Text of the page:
Rock Hounding for Kelsey Lake Diamonds
That’s the sound you would have heard 390 million years ago at Kelsey Lake, Colorado, as hot gases and diamonds blasted out of the ground at 25 miles per second. (That’s twice the speed of sound.) At best, you would have been vaporized instantly if you had been standing there. Or you would have been stoned to death as garnets, diamonds and other minerals rained back into the insta-crater, which was about four acres round.
In a geology class, this formation is called a Kimberlite pipe and it goes about 100 miles deep into the earth, where billion-year-old diamonds have a tendency to float around.
Although the mine produced thousands of carats of stones, it’s been closed for years and the land reclaimed to look like the surrounding high plains prairie. The site also is on private property. So if you want to hunt for these beauties, you’ll need a checkbook.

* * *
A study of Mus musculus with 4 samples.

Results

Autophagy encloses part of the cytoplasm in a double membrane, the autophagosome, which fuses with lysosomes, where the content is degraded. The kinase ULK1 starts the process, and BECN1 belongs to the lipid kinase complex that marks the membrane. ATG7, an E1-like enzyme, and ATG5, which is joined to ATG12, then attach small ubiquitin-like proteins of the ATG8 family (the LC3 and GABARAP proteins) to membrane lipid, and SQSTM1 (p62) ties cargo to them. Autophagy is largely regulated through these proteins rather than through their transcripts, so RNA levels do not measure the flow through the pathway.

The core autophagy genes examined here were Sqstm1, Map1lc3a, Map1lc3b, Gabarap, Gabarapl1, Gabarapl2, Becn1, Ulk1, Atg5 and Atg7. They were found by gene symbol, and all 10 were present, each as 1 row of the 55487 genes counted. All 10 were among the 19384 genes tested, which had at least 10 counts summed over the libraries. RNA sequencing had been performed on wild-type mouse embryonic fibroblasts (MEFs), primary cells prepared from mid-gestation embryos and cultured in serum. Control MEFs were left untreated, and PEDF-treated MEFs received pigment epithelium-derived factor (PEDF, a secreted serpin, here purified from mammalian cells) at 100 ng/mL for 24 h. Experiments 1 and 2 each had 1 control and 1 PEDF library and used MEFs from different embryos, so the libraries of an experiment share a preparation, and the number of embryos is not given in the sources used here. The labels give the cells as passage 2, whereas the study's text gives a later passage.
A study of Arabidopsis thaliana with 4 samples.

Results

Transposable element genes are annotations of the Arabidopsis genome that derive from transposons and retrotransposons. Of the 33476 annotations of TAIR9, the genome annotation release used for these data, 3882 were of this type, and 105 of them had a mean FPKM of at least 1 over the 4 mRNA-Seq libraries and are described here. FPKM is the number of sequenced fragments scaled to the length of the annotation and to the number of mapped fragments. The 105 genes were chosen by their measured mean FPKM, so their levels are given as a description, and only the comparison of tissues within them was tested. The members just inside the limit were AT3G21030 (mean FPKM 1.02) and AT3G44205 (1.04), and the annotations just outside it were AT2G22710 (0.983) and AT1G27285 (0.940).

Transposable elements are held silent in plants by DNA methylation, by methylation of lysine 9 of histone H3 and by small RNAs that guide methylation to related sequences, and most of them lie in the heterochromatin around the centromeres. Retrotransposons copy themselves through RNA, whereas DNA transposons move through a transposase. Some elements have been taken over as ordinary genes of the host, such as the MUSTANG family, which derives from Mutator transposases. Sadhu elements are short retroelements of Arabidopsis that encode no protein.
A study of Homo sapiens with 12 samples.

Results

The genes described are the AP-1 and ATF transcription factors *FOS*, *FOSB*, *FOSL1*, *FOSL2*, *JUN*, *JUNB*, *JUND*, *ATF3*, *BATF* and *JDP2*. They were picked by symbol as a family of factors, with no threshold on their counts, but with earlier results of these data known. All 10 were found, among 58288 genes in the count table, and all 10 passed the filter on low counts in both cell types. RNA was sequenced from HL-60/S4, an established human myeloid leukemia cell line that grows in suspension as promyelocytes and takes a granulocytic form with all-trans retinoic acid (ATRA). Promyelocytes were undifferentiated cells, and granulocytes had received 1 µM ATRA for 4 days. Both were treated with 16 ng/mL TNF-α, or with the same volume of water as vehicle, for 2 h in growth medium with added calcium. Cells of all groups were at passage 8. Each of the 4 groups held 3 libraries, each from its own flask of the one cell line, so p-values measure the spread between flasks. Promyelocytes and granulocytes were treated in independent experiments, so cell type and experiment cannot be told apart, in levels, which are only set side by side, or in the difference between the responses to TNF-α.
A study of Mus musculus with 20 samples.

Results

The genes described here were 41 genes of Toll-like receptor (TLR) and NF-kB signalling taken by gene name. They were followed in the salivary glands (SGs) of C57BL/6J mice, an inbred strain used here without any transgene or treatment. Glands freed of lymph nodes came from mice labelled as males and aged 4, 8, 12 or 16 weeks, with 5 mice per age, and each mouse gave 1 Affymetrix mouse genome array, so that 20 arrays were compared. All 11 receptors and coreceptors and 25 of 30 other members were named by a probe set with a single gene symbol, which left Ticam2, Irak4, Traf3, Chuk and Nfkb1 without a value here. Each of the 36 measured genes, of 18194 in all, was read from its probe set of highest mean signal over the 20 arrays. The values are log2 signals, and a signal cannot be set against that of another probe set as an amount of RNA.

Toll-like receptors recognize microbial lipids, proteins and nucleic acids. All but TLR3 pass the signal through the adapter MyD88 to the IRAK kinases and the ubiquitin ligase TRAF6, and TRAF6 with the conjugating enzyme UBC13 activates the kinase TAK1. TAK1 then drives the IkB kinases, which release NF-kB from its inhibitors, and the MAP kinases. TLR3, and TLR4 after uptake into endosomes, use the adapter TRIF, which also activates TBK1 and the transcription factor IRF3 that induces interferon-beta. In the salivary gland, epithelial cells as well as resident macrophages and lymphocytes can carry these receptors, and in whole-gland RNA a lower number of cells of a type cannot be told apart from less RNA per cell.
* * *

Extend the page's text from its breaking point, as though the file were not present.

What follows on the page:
The photograph above shows a 14.2 carat Kelsey Lake diamond found in 1994. And of course it sold for a lot. But well-known mineral dealer Dave Bunk of Denver has a few tiny examples left. A 0.27 carat natural crystal on his web site is listed for $162 at http://www.davebunkminerals.com. To find them, search the site for “diamond Colorado.” Or give him a call.
Watch for Betsy’s story on Colorado diamonds and her easy demo for setting diamond crystals in the September/October, 2017, issue of Lapidary Journal Jewelry Artist.
Betsy Lehndorff is a Michigan silversmith and has been writing for Lapidary Journal Jewelry Artist since 2010. Her latest article, Tube and Chain Necklace with Pearl, appeared in the March 2017 issue.